June 17 will mark forty years since President Richard Nixon officially declared a "war on drugs." A trillion dollars and millions of ruined lives later, the war on drugs has proven to be a catastrophic failure.
No one likes to pay taxes, but most Americans understand our country is stronger because we collectively fund our national priorities. But we shouldn't be asking constituents to sacrifice unnecessarily for a counterproductive war.
It's far from inconceivable that we could find ourselves at a fork in the road in the future, as many do not believe the goal of forced regime change in Libya can be accomplished without ground troops.
We are still saddened today at the senseless loss of life in the Triangle fire. We are still galvanized by the call for workers' rights in its aftermath. But I'm also struck by those who refuse to learn the lessons this tragedy can teach us.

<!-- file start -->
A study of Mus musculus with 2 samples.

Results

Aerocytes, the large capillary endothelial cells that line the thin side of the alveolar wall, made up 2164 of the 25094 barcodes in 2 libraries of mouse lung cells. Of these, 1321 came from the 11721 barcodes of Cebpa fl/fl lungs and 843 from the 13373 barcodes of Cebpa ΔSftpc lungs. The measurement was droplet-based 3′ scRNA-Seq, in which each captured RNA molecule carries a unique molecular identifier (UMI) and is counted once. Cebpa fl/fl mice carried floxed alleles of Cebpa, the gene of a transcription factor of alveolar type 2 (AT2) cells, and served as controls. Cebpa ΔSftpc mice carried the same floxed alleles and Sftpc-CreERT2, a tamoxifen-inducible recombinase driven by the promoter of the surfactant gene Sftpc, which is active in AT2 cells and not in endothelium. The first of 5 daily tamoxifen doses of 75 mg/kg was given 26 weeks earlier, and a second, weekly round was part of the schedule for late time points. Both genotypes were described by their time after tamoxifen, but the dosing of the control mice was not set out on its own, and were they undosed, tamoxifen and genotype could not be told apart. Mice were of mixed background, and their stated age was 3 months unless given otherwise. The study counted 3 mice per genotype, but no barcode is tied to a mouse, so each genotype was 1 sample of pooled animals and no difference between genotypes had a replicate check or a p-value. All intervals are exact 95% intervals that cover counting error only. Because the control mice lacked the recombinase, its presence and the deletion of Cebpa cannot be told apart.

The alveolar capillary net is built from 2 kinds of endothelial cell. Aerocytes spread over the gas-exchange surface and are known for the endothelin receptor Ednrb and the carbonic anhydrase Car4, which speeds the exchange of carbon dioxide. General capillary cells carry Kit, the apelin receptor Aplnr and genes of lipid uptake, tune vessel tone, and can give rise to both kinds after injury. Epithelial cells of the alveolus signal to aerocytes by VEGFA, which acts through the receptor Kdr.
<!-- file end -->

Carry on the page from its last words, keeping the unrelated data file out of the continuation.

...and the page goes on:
As Americans gather together this holiday season, what will likely go unconsidered is an appreciation for the access to two basic necessities that many of us take for granted: water and adequate sanitation.
Just four weeks until the midterm elections and I'm starting to feel that maybe, just maybe, Democrats will prevent an All Souls Day Massacre. And if the Dems escape death's door, they had better not let this nonsense happen again.
As we remember the five-year anniversary of Hurricane Katrina, I strongly urge Ken Feinberg, the Administrator of the Gulf Coast Claims Facility, to reverse his decision not to pay victims' mental health claims.